Wysocki Named Men's Soccer Head Coach

Chris Kendrick (@CKendrick86)

CHICOPEE, Mass. – Former Elms College women's soccer assistant coach Mike Wysocki has been chosen to take over the helm of the Men's Soccer program, announced by Elms College Director of Athletics Ellen McEwen. Wysocki assumes his first head coaching position after serving as an assistant for the women's soccer team for the last four seasons, featuring four straight appearances in the New England Collegiate Conference (NECC) Championship match and a 2016 NECC Championship crown.

"I'm really excited, and I want to thank Ellen [McEwen] for this tremendous opportunity that I've been working towards," said Wysocki. "We have a good chance to be successful right away, the guys are a good group and there's a lot of talent coming back and from the group coming in."

Wysocki joined Women's Soccer head coach Sean Milbier in his first season at Elms in 2013, and has contributed to the team's successes both on and off the field. Over his four years, Wysocki has assisted the team during its journey to notable achievements including an all-time Women's Soccer program record for wins in a season with an 18-4-1 mark in 2016, and a first-ever bid to the Eastern Collegiate Athletic Conference (ECAC) Division III New England Championship. Wysocki has helped numerous Blazers earn selections to NECC All-Conference teams in each of his seasons, and has contributed to a 56-28-5 overall record in his time at the Elms.

Prior to joining Elms College, Wysocki played two years of Division I soccer at Hartwick College in Oneonta, New York from 2009 to 2011. In the fall of 2011, he transferred to Western New England University in Springfield, Massachusetts, where he contributed to a Commonwealth Coast Conference (CCC) Championship title in his first season as a Golden Bear. He graduated from Western New England in 2013 with his Bachelor of Science in Business Administration and proceeded to earn his Juris Doctor with a concentration in Business Law from the Western New England University School of Law in 2016. Wysocki holds a USSF National "D" Coaching License and resides in Chicopee, Massachusetts.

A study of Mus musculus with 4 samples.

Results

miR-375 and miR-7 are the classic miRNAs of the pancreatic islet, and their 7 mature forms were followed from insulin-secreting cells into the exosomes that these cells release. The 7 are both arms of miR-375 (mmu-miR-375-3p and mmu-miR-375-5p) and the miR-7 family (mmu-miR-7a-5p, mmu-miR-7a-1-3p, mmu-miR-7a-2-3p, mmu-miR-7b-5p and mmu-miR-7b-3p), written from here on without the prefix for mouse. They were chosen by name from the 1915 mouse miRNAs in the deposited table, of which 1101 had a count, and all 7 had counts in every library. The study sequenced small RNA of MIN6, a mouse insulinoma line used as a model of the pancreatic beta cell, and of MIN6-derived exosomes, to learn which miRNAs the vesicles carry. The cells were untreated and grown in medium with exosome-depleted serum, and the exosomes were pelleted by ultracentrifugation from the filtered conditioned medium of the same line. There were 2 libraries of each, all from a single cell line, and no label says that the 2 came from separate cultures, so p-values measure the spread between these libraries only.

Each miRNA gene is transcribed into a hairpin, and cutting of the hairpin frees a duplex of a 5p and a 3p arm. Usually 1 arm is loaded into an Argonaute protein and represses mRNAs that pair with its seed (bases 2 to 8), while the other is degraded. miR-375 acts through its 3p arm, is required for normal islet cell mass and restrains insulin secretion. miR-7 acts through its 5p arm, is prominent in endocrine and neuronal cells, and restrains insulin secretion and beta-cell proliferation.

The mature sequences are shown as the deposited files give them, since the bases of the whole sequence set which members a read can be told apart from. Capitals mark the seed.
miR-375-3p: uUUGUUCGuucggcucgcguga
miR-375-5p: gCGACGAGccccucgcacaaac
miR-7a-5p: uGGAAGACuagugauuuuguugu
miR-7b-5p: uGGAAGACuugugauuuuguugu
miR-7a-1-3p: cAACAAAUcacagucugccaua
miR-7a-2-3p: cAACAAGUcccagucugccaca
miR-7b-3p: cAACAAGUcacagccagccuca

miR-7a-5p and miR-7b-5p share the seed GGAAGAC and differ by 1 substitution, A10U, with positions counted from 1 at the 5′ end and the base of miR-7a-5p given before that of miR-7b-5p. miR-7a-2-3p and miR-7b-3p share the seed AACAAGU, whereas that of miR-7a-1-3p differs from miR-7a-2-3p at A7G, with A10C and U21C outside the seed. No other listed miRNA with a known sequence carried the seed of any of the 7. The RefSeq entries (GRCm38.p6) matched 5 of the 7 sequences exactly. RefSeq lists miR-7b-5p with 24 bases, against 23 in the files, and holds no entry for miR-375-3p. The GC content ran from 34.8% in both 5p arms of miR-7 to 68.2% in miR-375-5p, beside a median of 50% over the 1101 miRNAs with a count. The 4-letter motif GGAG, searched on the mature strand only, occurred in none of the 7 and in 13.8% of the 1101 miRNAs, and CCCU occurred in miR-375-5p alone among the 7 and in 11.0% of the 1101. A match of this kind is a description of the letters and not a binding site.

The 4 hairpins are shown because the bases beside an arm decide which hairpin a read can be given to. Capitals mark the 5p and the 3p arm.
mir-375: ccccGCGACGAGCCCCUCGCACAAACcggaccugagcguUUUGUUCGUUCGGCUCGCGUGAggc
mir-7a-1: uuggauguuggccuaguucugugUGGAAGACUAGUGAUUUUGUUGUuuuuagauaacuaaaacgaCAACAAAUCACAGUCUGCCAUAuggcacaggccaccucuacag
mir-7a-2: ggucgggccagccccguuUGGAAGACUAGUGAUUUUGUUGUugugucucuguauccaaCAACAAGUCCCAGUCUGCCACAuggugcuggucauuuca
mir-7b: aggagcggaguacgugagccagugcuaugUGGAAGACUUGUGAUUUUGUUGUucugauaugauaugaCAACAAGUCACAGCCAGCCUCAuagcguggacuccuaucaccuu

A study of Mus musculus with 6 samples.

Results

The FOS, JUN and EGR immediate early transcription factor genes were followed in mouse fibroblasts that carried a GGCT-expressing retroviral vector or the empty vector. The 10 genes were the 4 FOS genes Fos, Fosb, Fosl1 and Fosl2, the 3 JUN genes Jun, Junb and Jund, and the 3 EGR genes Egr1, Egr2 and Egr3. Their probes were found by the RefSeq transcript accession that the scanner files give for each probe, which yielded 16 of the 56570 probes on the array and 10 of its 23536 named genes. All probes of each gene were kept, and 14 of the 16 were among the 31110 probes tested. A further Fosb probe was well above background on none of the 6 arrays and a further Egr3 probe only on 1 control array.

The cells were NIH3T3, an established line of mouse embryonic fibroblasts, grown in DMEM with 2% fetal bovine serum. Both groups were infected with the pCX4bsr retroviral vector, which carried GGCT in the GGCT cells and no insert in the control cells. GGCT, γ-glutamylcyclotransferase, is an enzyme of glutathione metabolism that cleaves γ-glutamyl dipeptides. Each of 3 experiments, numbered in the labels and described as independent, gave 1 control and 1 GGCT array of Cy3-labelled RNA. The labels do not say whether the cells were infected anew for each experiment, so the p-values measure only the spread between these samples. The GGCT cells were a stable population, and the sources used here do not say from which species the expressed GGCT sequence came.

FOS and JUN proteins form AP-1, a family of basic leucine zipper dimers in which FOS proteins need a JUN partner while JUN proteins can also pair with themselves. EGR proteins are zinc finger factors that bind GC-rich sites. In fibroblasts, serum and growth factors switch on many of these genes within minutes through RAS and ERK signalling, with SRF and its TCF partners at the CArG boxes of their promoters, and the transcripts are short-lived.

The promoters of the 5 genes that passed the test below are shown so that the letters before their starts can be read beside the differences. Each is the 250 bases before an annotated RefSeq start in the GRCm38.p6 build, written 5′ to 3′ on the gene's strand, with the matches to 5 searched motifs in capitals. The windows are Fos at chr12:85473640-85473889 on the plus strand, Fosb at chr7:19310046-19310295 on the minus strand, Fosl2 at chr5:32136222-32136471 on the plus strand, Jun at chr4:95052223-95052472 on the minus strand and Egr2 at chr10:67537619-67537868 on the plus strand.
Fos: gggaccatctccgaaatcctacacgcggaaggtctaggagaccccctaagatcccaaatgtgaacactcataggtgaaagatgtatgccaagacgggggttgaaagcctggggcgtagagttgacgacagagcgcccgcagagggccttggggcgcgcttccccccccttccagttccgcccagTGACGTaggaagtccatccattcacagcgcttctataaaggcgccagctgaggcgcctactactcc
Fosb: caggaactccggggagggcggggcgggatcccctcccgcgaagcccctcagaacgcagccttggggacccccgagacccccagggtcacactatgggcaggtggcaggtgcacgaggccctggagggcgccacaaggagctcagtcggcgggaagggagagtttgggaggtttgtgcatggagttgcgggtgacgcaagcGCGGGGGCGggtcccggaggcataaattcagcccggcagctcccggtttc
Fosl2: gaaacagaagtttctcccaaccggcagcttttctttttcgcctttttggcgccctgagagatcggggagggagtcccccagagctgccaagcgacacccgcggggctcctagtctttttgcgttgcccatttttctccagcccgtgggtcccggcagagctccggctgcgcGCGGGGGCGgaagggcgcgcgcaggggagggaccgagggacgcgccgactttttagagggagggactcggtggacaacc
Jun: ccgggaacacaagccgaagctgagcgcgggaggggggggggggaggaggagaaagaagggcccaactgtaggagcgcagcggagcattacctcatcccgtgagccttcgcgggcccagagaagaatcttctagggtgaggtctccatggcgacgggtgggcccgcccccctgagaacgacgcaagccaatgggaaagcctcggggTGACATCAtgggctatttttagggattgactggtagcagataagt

Q&A with Men's Soccer Head Coach Mike Wysocki

On familiarity with the Elms program: "There's two sides to it. On one end, I know of the guys, generally where they play and interactions in passing on campus, but at the same time, I don't know 'who' they are. I've only seen them play a handfuls of games over the past few seasons, so it's a good opportunity to come into preseason with a clean slate and an open mind."

On changes from the women's game to the men's game: "It will be a little more physical now. Obviously, our women's squad is tough as nails no doubt, but the men's game will be a little bit faster, bigger, and stronger. One thing we did really well on the women's side was create that atmosphere of discipline, commitment and dedication where they were switched on and focused for 90 minutes. That will be a challenge to the guys to get on the same page over the course of the season."

Key attributes you want to bring to the men's team from the women's team: "The first thing that comes to mind is the mentality. Over my four years with the women's team, we build a mentality, especially last season, that we were results driven. We weren't satisfied with draws or losses, we went out expecting to win every game. Another thing would be the preparation, getting these guys physically, mentally and emotionally prepared for every kickoff and providing everything they need to be successful."

What players can expect from you as a coach: "Commitment and dedication, and it's the exact same thing I'll ask from them. I love coaching, and I feel it's something I was born to do, so I'm going to give my all to them. I want to make sure everything I do sets them up for success. I'm here to serve them, and make their experience as a student-athlete as positive as possible. Of course, I'll ask the same of the team. When they come in here during the two hours of training or 90 minutes of gameplay, they need to be focus on the task at hand and leave the off-the-field problems off the field.

One of the main things learned under Women's Soccer Head Coach Sean Milbier: "The main thing I learned from Sean was not to be afraid to be a friend to your players. Sean has a great understanding of who his players are as people, and connects with them on a different level. Once you get to that level, the players will play at another level, they will run through a brick wall for you. When they know you care about them, you can get into them on a bad day, but at the end of the day, they know you have their well-being at heart, and that relationship translates on game day when you have 25 players battling for you.